Canon’s New EF 11-24mm f/4L Lens Gives New Meaning To UFWA

March 8th, 2015

Canon11-24mmI can remember when I first got my Canon 16-35mm wide angle and used it to shoot a listing for my wife. She scolded me severely and sent me back to reshoot several of the rooms where I had racked the lens out to 16mm. She said at 16mm effective the small intimate living room looked like a bowling alley. And she was right.

All you shooters that have Canon full frame DSLRs, think what you could do with this glass that goes out to 11mm! This lens gives new meaning to the term UFWA (Ultra F@#%in’ Wide Angle)!

Seriously though, Canon’s recently announced EF 11-24mm f/4L lens may be as good as the Nikon 14-24mm f/2.8G ED. The Nikon 14-24mm has for years been considered the best wide-angle lens available. There is a review at lens that compares the 11-24mm to all the similar Canon glass and the 11-24mm appears to be close or better than most Canon zoom lenses. Only the Canon 24-70mm resolves better at 24mm and the 11-24 is very close.

Tim Dodd at PetaPixel has a review of the Canon 11-24mm. While this new lens the best ultra-wide-angle lens in Canon’s line up. I’m not sure that if I wanted something better than my Canon 24-70mm and 16-35mm that I wouldn’t rather use a TS-E 24mm f/3.5/ II to shoot interiors. I get myself in enough trouble going wide with my 16-35mm zoom! Besides the TS-E 24mm is $1300 less than the 11-24mm.

What do you think, are any Canon shooters going to add the 11-24mm to their bag for shooting interiors?



  • This would be a good lens for the BMCC which has a crop factor somewhere in the neighborhood of 2.4.

  • Hi,
    I think that this lens is too wide for real estate, interiors or architectural photography.
    I wold rather go for the tilt&shift lens set or the 16-35.

  • I use a sigma 12-24 on FF. Works well. The canon will probably be a more refined lens in most aspects, but it is difficult to justify the price tag given the fee levels on real estate (commercial architectural work might be a different matter though).

  • In spite of the quality, which sounds superb, I think the $3000 price tag is pushing it too far.

    In practical terms, I can barely tell any difference between my Canon 17-40 and my Nikon 14-24, even though there is a $1000 differnce between them. And even then, for FF, 14mm seems to be where the usefulness starts to run out.

    11mm is about right on DX bodies, but I doubt real estate clients would even notice any difference between the new lens and the 10-18mm, unless chromatic aberation is non-existent on the new lens.

  • Like anything this lens can be used for good or evil.

    The desire of RE agents to see EVERYTHING does not mean we have to actually wreck our reputation by giving them a poorly conceived image. I bought the 17 TS-E when it came out and it was a brilliant decision.
    It was, however, not a panacea. Some compositions are just bad and are made worse with UWA.
    I have actually stitched frames from the 17 to get an effective 11mm with great results that look natural. OTOH I have some entirely wretched images made at 24mm.
    It all depends how one uses the lens. There are many samples on the web at present that do not show any perspectival distortion in architectural applications. Of course there are some “novelty” images that veer off into the “Wow, look how weird I can make things look.” cliche.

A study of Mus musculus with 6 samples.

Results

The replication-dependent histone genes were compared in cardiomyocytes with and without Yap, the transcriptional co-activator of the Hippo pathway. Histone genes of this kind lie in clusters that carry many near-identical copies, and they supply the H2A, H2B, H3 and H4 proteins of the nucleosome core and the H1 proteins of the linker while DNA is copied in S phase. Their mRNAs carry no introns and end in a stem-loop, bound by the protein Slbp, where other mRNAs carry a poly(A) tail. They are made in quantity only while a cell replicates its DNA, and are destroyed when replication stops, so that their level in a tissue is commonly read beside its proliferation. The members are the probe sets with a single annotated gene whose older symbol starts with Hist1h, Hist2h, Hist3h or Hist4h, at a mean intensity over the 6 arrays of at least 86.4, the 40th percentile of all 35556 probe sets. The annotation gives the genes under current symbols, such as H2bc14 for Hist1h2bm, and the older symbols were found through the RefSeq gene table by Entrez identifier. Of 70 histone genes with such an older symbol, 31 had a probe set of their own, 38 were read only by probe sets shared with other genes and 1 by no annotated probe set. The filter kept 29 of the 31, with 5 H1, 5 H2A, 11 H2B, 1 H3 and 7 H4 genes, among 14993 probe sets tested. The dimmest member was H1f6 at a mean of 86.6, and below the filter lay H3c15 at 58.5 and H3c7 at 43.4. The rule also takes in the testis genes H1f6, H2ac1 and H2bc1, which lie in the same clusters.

I will be getting this lens for its IQ and its AOV and its ability to let me move quickly.
    I will sell my 17 TS-E, 16-13 f4L and a camera to get it but even if I didn’t, it would pay for itself in two shoots.

  • Like anything this lens can be used for good or evil.

    For me, it means getting around a project that much faster as I will not have to stitch frames on my 17TS-E or wrestling the distortions (optical) from a 14mm capture into submission.

    The AOV is stunning but with care can render very good perspective with little of the foreground/ background wooziness that can occur when used carelessly.

    No, it is not a panacea but then what lens is? There are many excellent example on the web already showing beautiful architectural rendering with no optical distortion and little perspectival distortion.
    I am ordering one and will sell several lenses including my 17TS-E to get it at no out of pocket to me. OTOH even if I had to write that check, it would pay for itself in a couple of shoots.

  • I would not go less than 16mm for an interior shot. I have used Nikon, Canon and Sigma lenses and found them all to be excellent.

  • At it’s longest focal length, it just barely touches where I try to live, for most of my interiors work… So no, I won’t buy it.

  • Too wide for real estate and interiors. Sure you could probably get some great shots and use out of it, but the people paying you for the shots would be mad while you’re having fun.

  • This is a rectilinear lens we’re talking about here, not a fish. As such, it will work very well when used properly in the context of real estate and architectural photography, both interiors and exteriors.

    This lens was made for the upcoming 5D.

  • Adorama has this lens listed at $2999.

  • I just recently picked up the Rokinon 14mm but the de-clicked aperture version (T3.1 as opposed to the f2.8) and I reserve using this lens (on FF) for very tight spaces i.e. small bathrooms. I also find PT Lens takes care of 90-95% of the barreling/distortion and the results are palatable and informative.